All talk and no pay increases

January 14, 2000

Nick Coleman explains why very few lecturers will be willing to go on strike again.

Readers do not need reminding that academic salaries have fallen, relative to comparable professions, by 2 per cent a year for the past 20 years. We are fast approaching the stage when it will be impossible to recruit well-motivated staff to teach the next generation of professionals, even though the thought of inadequately trained surgeons and aircraft designers is a fearsome one.

So what is being done about this sad state of affairs? Well, my union, the Association of University Teachers, recently pursued a campaign of industrial action in pursuit of a 10 per cent pay claim. According to AUT publicity, this was a huge success. Admittedly no improved pay offer was forthcoming, but the negotiators did manage to secure the promise of talks on sex discrimination and casualisation. That is all that matters - academic salaries can wait until the government next reviews its spending plans.

But when members of my local AUT branch quietly insist on a cold-blooded audit of the results of last year's action, words without connotations of "zero" are difficult to come by. Yes, gender inequality among academics and the burgeoning army of short-term staff are a disgrace - nobody denies this - but most of our members are full-time academic staff. They were led to believe that they were taking action in support of their salaries and were disappointed and annoyed when it all fizzled out to no avail. And even the victims of discrimination and casualisation have achieved what? Talks.

Perhaps such an outcome was inevitable. Both the Universities and Colleges Employers Association and the government said there were no funds to improve on the 3.5 per cent offer. And they meant it. The taxpayers' complaint - "Why should we pay for other people's children to have a jolly good time for three years and then go on to better jobs than we could ever dream of?" - cuts as deep into this government's thinking as it does in most other English-speaking countries.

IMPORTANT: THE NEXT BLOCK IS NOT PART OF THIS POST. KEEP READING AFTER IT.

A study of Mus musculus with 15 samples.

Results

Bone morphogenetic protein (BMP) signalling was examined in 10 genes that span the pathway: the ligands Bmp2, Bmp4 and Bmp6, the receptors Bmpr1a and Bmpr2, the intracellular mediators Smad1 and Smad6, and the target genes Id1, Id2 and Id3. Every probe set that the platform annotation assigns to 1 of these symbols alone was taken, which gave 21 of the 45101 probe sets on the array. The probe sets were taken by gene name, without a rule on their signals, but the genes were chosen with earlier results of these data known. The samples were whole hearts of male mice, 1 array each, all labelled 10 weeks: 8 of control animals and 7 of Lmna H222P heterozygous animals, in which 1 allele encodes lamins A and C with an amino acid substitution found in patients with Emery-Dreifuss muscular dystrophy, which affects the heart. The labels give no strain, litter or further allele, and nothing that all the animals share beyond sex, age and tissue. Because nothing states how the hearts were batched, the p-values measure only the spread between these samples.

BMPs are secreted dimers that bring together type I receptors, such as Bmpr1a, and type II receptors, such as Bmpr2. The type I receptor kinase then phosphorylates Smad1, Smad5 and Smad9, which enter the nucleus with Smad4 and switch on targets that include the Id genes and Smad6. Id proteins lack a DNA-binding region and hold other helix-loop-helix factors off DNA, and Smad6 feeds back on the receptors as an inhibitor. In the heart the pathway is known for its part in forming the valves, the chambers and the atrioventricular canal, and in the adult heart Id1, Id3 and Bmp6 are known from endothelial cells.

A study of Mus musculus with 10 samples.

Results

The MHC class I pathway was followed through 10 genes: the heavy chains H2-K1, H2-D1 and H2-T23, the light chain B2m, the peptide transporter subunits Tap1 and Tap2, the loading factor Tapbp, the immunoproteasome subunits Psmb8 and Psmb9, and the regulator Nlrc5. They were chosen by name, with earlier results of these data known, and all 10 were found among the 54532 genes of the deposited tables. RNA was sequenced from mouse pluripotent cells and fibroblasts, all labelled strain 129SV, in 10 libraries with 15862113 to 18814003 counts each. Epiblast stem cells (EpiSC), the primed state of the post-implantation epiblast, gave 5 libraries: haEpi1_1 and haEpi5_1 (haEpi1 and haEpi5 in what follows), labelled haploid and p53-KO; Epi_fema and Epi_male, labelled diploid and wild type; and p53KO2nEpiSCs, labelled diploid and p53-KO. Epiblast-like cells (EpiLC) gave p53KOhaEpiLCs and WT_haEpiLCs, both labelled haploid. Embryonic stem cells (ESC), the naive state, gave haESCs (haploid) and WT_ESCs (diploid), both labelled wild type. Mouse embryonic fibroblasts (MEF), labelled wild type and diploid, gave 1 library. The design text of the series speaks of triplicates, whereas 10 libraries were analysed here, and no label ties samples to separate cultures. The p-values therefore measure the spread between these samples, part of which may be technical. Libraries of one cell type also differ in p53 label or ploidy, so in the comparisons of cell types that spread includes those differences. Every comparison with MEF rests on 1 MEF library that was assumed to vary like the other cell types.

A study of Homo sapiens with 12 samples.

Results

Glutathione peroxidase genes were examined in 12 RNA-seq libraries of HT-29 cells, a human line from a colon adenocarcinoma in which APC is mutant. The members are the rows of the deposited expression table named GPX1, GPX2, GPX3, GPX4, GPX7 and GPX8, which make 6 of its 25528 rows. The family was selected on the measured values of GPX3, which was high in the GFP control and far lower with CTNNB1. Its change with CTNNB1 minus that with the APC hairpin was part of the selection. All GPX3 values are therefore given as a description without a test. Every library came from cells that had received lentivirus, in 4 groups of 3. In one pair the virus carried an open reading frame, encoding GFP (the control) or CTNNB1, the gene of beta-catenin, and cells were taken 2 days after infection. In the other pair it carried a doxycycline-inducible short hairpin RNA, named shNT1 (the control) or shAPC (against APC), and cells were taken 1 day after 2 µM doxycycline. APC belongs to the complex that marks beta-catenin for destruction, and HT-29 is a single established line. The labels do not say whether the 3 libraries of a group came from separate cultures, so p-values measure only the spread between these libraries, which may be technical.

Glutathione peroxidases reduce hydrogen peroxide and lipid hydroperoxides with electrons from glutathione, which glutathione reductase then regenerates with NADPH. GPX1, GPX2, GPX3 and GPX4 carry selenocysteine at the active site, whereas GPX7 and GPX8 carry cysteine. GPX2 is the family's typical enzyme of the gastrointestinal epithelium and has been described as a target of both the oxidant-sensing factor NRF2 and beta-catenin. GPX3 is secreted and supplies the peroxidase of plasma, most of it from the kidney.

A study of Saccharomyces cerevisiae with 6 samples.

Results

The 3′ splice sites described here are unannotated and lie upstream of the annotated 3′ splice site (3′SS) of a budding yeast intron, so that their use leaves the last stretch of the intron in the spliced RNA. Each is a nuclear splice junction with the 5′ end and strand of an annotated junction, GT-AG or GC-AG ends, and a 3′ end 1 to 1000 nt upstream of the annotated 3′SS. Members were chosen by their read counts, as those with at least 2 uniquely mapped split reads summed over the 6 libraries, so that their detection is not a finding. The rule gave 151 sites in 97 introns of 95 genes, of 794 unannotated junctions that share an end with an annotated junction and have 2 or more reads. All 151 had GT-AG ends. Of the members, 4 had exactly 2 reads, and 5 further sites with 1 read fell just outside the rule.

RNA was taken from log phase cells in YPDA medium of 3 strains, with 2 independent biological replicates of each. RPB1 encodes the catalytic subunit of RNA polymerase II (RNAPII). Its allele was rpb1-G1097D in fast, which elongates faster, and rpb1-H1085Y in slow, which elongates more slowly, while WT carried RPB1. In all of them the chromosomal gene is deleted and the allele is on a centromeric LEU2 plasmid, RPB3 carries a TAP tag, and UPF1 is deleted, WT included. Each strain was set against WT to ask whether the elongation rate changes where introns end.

Without a major change in political priorities - hardly likely outside Scotland - there simply cannot be any more money for academic salaries.

The union's suggestion that lecturers boycott bureaucratic tasks as part of the industrial action was popular, but support for it was sporadic, even before it was pointed out that it could become unlawful. But the disjointed examination boycotts (and the curious suggestion that on one day each week academics should refuse to deal with emails) irritated so many people that these activities never seemed to get off the ground.

It came as no surprise when motions to last month's AUT winter council to restart the action were defeated. Few now expect a satisfactory pay rise to come from public sources and I suspect that even fewer would be prepared to forfeit another day's salary in the hope of it.

So, the future for the academic profession? Year-by-year decline; never-ending negotiations; pie in the sky? Yes - for most academics, though not for all. However unpalatable it might be to those who see themselves as public-sector employees, universities are private corporations, paying what they like and charging whatever they like for their services.

A handful of universities will be prepared to pay the going rate for minds of Nobel prize calibre. To make ends meet, they will charge their students the full economic cost, hopefully with some sort of graduate payback scheme. The government, in response, will withdraw public funding from them and win plaudits from their taxpayers for doing so.

Private higher education, like private secondary education, might not be to everyone's liking. But after last year's industrial action debacle it is closer than most of us have ever seen it.

Nick Coleman is president of the AUT at the University of Newcastle.

Do you think that last year's campaign of industrial action by the Association of University Teachers was a waste of time?